What Is the Model Parent?
I've been reading a lot about parenting styles lately, and I've come to a conclusion: Most of them don't work for me. Why? Because so many of them are about sacrifice and martyrdom ... and I'm not up for either.
I mean, really: To be a Good Parent these days, you're supposed to breastfeed until your baby is ready to wean; what you want doesn't matter. You're supposed to stay at home so that "someone else isn't raising your child"—a ridiculous accusation that makes me want to spit nails—even if you'd rather be pursuing a career. You're supposed to let your kid sleep in your bed, even if his kicking keeps you up all night.
None of this works for me. I couldn't deal with giving up of all the things I personally need—space in my bed, for instance, or work that fulfills me, even if it's outside the home—in order to make sure my kids grow up happy and healthy. I just can't believe that's the only way.
Actually, I feel more strongly than that: I think that these sorts of practices send our kids the wrong message. I think they put us parents in the position of being bad role models.
I look at my children—at my daughter, in particular, because she's older, more developed and a girl—and I see all the things I want for her: strength, independence, intelligence, wisdom, serenity, happiness. I see a person who I think will make a difference in the world, do things her own way, make her own life. And I realize that I don't want to raise her to be someone who feels she has to give up who she is as an individual in order to parent her own children.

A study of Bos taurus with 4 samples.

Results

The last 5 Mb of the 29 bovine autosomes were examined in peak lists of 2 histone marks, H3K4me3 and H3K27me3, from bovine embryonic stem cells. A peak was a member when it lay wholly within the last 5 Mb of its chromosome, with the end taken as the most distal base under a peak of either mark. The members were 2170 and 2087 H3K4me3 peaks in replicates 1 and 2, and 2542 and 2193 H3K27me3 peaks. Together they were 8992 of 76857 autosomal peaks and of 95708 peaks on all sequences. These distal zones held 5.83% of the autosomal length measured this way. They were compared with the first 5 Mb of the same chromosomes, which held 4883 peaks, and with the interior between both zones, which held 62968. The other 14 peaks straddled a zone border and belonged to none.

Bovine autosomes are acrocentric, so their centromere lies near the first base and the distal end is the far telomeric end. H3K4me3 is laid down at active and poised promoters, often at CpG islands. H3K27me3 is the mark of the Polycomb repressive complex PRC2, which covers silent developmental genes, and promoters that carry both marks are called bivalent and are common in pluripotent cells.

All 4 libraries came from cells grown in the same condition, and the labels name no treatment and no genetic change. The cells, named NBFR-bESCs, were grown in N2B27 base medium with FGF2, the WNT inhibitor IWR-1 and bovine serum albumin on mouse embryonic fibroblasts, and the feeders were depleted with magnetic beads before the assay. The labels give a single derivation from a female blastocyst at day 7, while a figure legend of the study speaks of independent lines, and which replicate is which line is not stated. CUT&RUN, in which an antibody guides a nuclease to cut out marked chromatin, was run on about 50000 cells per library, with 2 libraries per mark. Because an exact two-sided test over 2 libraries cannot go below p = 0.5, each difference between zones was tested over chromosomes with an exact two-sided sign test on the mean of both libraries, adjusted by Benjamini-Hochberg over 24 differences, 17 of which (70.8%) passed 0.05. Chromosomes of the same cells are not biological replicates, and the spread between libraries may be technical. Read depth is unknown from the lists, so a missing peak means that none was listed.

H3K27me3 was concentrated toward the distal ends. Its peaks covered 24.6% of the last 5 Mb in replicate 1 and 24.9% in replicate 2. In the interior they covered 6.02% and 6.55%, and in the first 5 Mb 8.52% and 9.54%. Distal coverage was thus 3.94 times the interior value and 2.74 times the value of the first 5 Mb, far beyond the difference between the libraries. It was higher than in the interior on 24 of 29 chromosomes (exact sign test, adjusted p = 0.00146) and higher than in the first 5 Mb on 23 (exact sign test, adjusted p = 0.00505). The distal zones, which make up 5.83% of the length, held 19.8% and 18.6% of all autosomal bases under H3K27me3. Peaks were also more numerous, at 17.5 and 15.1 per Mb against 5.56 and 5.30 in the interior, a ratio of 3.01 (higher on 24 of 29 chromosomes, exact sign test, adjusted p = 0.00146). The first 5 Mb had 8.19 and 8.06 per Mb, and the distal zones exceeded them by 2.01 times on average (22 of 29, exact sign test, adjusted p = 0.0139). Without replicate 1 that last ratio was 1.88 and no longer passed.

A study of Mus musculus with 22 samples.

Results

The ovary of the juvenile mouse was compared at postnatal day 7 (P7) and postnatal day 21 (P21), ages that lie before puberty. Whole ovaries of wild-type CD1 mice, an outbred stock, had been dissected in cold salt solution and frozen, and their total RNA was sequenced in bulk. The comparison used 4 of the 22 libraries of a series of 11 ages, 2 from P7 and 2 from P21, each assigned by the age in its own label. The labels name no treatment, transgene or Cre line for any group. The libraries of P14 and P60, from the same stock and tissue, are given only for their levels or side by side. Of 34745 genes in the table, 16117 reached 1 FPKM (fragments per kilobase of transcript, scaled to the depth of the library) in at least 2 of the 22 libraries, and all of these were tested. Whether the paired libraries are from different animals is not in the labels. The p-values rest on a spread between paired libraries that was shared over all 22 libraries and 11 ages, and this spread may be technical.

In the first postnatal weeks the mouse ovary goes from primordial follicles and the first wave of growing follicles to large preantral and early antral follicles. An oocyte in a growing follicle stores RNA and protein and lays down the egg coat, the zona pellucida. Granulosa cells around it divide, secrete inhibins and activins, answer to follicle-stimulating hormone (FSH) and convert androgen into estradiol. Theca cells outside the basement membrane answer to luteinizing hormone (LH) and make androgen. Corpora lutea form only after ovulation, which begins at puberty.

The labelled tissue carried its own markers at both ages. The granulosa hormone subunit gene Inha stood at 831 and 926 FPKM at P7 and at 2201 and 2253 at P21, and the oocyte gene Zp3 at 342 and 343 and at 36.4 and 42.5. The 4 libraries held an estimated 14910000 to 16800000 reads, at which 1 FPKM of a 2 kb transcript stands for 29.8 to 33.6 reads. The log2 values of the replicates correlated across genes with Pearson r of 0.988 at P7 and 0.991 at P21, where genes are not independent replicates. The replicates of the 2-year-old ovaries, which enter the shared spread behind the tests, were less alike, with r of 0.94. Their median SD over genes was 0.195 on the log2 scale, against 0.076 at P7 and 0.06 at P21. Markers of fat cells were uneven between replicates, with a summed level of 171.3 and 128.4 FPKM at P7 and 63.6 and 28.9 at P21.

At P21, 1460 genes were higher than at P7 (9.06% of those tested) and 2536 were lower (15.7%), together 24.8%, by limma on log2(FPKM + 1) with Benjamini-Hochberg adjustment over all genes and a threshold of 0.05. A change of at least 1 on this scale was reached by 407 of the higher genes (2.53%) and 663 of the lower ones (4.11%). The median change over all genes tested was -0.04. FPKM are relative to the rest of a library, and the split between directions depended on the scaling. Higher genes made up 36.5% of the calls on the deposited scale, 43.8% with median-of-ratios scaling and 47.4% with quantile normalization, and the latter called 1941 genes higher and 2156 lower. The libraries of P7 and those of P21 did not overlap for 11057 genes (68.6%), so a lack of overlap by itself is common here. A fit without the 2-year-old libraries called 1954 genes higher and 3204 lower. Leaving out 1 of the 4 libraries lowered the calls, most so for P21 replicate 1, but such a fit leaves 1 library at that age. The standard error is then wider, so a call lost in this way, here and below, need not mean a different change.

So many mothers I know are so supremely self-sacrificing, and their children flourish, and for that I admire them. And yet I don't want that for my child. So why should I want it for me? I want my daughter to be whoever she is in addition to being a mommy. I'm not putting all this effort into raising her just so that she can wind up putting her life on hold to raise another child who will grow up and put her life on hold because she wants to be a good mommy, and so on and so on and so on.
And so I'm trying, with all my might, to allow myself to both parent and pursue other outlets, as well, and to forgive myself for my shortcomings in parenting and in life.